Tuesday, 12 October 2010

Promised End

Alexander Goehr's new opera Promised End was much anticipated. Based on Shakespeare's King Lear and announced by Goehr to be his last opera (he is 78), the work received its first performance on Saturday 9th October at the Royal Opera House's Linbury Studio by English Touring Opera.

The libretto for Goehr's opera was taken directly from Shakespeare. Sir Frank Kermode, who died in August, had assembled a digest of the play which they reduced to some 24 scenes. Unlike Ades's The Tempest, Goehr decided to use Shakespeare's words directly and had evidently spent a lot of time declaiming the words before setting them.

The result was compact (two acts of just 45 minutes each) and direct, with the vocal line concentrating on a declamatory sense of the words. The problem seemed to be that the music scarcely had time to take hold. The scenes were all short and the opera seemed to be less than King Lear and more a sort of commentary on it. You probably needed to know the play to make sense of the opera. There didn't seem to be much space for the music to register or for the singers to develop character.

It didn't help that the diction was patchy so that not all the words came over. Roderick Earle's Lear was fine in the slower passages but some of the swifter (and important) dialogue got lost. But Julia Sporsen and Jacqueline Varsey as Regan and Goneril seemed to be unable to get much in the way of words across at all. A contributory factor may have been that the orchestra (the Aurora Orchestra) was placed at the back of the stage, with the singers in front, rather than being in a pit. Goehr's orchestration was lively and imaginative, but included 2 tubas, 2 trumpets and 2 horns.

The action in James Conway's production all took place in a relatively narrow strip at the front of the stage, with a setting consisting of some flexible screens and a podium which started off as Lear's throne and went on to double as the blasted heath and Olt Tom's hovel. In fact the acting area seemed rather cramped, especially as the entire cast remained on stage at all times and formed a sort of chorus, commenting on the action.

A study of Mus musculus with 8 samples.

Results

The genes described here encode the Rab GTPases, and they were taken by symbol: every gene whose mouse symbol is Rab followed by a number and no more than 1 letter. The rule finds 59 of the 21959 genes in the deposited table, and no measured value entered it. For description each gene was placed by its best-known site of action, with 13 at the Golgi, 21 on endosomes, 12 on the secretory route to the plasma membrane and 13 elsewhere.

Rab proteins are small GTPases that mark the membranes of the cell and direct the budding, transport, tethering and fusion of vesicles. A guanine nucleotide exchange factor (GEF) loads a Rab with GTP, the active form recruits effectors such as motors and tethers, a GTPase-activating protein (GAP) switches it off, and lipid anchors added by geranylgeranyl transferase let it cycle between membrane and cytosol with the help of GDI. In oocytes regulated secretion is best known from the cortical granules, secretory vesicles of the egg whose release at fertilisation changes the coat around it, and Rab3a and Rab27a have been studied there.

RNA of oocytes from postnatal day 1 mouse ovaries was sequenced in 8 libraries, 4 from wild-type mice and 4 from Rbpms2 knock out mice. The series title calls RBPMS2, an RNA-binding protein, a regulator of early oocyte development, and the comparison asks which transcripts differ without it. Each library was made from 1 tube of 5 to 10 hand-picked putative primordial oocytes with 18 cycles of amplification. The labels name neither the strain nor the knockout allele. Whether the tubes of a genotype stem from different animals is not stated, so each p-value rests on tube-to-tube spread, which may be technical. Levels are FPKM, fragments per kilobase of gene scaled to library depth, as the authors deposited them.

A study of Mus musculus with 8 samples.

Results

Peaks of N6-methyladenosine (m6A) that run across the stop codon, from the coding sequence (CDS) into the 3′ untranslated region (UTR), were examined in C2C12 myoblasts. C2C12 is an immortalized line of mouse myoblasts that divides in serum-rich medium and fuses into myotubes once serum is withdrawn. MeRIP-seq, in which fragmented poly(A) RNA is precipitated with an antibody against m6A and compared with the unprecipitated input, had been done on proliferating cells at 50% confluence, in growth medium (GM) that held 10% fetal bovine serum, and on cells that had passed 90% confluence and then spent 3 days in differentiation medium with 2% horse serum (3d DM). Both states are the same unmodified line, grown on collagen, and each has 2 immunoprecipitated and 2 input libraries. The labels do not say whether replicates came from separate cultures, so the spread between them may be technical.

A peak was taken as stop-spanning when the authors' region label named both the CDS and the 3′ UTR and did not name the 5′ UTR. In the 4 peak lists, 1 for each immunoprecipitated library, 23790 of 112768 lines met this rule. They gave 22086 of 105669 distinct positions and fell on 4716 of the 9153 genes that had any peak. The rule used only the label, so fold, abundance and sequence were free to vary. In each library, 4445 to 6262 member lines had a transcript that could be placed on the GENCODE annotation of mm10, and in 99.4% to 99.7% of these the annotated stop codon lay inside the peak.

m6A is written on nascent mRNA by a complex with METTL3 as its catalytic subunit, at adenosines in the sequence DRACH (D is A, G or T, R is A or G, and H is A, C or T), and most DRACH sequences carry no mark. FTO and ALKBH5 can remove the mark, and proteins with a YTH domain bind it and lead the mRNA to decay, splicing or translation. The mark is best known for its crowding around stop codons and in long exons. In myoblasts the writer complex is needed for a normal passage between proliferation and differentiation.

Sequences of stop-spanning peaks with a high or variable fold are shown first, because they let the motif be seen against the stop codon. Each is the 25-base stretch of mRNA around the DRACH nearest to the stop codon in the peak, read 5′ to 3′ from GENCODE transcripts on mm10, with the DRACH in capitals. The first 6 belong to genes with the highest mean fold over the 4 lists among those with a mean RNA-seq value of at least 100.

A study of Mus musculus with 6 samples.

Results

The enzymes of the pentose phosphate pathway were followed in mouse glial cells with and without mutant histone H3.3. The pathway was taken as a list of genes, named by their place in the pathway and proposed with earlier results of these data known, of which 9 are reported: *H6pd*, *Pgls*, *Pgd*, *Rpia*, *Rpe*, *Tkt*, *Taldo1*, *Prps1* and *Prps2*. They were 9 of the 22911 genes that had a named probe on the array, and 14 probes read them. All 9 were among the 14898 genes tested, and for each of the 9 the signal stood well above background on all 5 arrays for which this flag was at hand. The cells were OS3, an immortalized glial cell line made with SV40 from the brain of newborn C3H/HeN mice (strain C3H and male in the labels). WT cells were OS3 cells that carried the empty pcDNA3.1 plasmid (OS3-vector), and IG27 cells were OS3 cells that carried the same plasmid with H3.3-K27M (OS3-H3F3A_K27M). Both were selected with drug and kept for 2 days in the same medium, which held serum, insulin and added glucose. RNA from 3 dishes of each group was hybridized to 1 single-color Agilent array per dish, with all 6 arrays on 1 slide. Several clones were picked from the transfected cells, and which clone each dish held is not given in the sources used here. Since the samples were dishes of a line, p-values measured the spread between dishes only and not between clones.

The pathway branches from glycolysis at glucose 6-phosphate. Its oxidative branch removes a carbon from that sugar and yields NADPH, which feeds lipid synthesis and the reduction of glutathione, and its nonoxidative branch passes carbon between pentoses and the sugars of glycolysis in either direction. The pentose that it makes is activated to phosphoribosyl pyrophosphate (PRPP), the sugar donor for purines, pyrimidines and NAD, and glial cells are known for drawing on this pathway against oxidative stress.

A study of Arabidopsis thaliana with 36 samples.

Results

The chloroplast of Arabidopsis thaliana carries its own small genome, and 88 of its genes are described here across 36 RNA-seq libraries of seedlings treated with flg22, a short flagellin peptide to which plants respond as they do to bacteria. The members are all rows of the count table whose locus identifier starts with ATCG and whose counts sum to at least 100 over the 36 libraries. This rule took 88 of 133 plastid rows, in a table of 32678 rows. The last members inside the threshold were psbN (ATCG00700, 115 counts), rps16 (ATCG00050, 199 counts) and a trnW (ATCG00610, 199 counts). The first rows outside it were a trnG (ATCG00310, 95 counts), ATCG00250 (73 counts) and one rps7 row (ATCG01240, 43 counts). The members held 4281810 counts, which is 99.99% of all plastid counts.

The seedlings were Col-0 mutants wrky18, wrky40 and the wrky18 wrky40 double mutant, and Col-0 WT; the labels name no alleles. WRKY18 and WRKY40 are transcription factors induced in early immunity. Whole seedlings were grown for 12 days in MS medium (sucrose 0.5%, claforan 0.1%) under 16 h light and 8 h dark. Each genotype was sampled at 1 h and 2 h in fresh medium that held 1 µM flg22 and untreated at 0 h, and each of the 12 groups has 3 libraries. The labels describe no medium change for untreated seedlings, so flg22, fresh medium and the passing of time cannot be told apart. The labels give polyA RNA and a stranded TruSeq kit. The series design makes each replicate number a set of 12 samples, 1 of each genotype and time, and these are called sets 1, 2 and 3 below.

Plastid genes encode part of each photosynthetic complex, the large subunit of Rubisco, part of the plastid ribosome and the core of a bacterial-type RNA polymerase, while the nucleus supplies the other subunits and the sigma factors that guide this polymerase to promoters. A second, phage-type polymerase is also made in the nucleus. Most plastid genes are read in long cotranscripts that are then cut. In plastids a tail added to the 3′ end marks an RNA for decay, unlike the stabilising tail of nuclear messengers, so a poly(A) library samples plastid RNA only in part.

The cast all turned in strong performances and gave Conway's rather Noh-inspired production their full committment. Despite the generalised western european medieval costumes (designer Adam Wiltshire), the cast had white makeup, bare-feet and used a sand-box when walking onto the acting area.

But strong as the performances were, everything seemed to be over in a flash. No sooner had you struggled to comprehend what the singers were saying (no surtitles), than the scene was over. I felt that some of the strongest and most memorable moments were in the orchestral interludes. Only fleetingly did the sung music manage to achieve any sort of telling memorability, notably in Lina Markeby's accounts of the Fools songs (the roles of the Fool and Cordelia were doubled). The biggest failing seemed to be the lack of any strong emotional pull in the role of Lear, despite Earle's sterling work.

Nigel Robson was a noble Gloucester with Adrian Dwyer and Nicholas Garrett as his sons. Their plotting came off best, perhaps because Garrett was adept at conveying much by simple body language and Dwyer was the most incisive in getting the words over.

The Aurora Orchestra under Ryan Wigglesworth made a strong orchestral contribution.

I had been looking forward to this opera for some time and was profoundly disappointed that it did not have a stronger effect on me. The Brechtian cast of the work meant that I admired it rather than loved it; the piece was a voyage around Lear rather than being Lear.